The ‘Big Four’ audit firms such as PwC, Deloitte, KPMG and EY are being increasingly concerned about the reputational risks as the regulators have been putting a lot of pressure on them in view of the several corporate failures that have been witnessed in recent times.
The auditors have resigned 10 times during the last one year highlighting that the companies have failed to give satisfactory responses to their queries. As per the data from the market research firm Prime Database, the reasons given by the Auditors for their resignations are briefly summarized as follows:
In October 2019, SEBI had strengthened the framework around auditor resignation through a circular and said that before resigning, an Auditor must share his concerns by approaching the Audit Committee and apprising it about the relevant information which was sought by him and not provided by the management. The market regulator also mandated certain other things to be complied with by the resigning auditor to ensure that they do not resign for silly reasons or shun their responsibility. At the same time it has also been ensured that the audit committee and the board consider the reasons of resignation and intervene adequately.
In this respect, former PwC CFO opined that by resigning, the auditor is not doing justice to his fiduciary duty towards the shareholder. In case, the difference between the auditor and management cannot be reconciled then the auditor should report to the authorities to avoid any liability and may qualify the audit report without leaving the company.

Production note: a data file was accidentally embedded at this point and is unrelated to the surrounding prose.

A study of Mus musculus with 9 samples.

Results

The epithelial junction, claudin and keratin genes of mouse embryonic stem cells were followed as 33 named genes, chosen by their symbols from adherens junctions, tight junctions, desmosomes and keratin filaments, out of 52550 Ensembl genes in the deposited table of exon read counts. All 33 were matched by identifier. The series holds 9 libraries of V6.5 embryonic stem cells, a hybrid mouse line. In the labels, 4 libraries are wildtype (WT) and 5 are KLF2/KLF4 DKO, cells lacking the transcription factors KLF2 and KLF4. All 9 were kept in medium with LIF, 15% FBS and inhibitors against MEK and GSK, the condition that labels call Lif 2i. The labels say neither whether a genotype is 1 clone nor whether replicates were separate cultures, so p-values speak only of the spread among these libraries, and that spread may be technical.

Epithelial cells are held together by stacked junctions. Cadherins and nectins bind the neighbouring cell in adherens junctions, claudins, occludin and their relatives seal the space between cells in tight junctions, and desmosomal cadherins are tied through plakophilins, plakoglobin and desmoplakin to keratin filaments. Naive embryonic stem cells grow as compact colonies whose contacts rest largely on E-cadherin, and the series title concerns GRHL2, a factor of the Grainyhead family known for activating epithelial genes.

Further, sudden resignation of an auditor puts enough burdens on the new auditor as he has to start afresh. However, a partner with a leading audit firm stated that if the resigning auditor gives detailed reasons for his resignation, there is nothing wrong in leaving the organization. SEBI guidelines also strengthened this disclosure process and also safeguarded the interest of the shareholders by enabling them to know what is happening in the company.
Moreover, since the emergence of the IF&FS crisis in October 2018, the big four accounting firm are under the regulatory lens. There were issues regarding their dominance in audit markets and conflict of interest. Henceforth, citing oligopoly, the Ministry of Corporate Affairs came out with a consultation paper in February 2020, suggesting separation of audit from non-audit services to improve audit quality. The recent surfacing of the Wirecard’s $ 2 billion accounting fraud in the UK has further put the onus back on the auditors.
Finally, as pointed out by another expert, in view of the present situation, it is advisable for the auditors to resign, rather than signing financial statements which they are not comfortable with as financial gain is not a consideration when their reputation is at stake.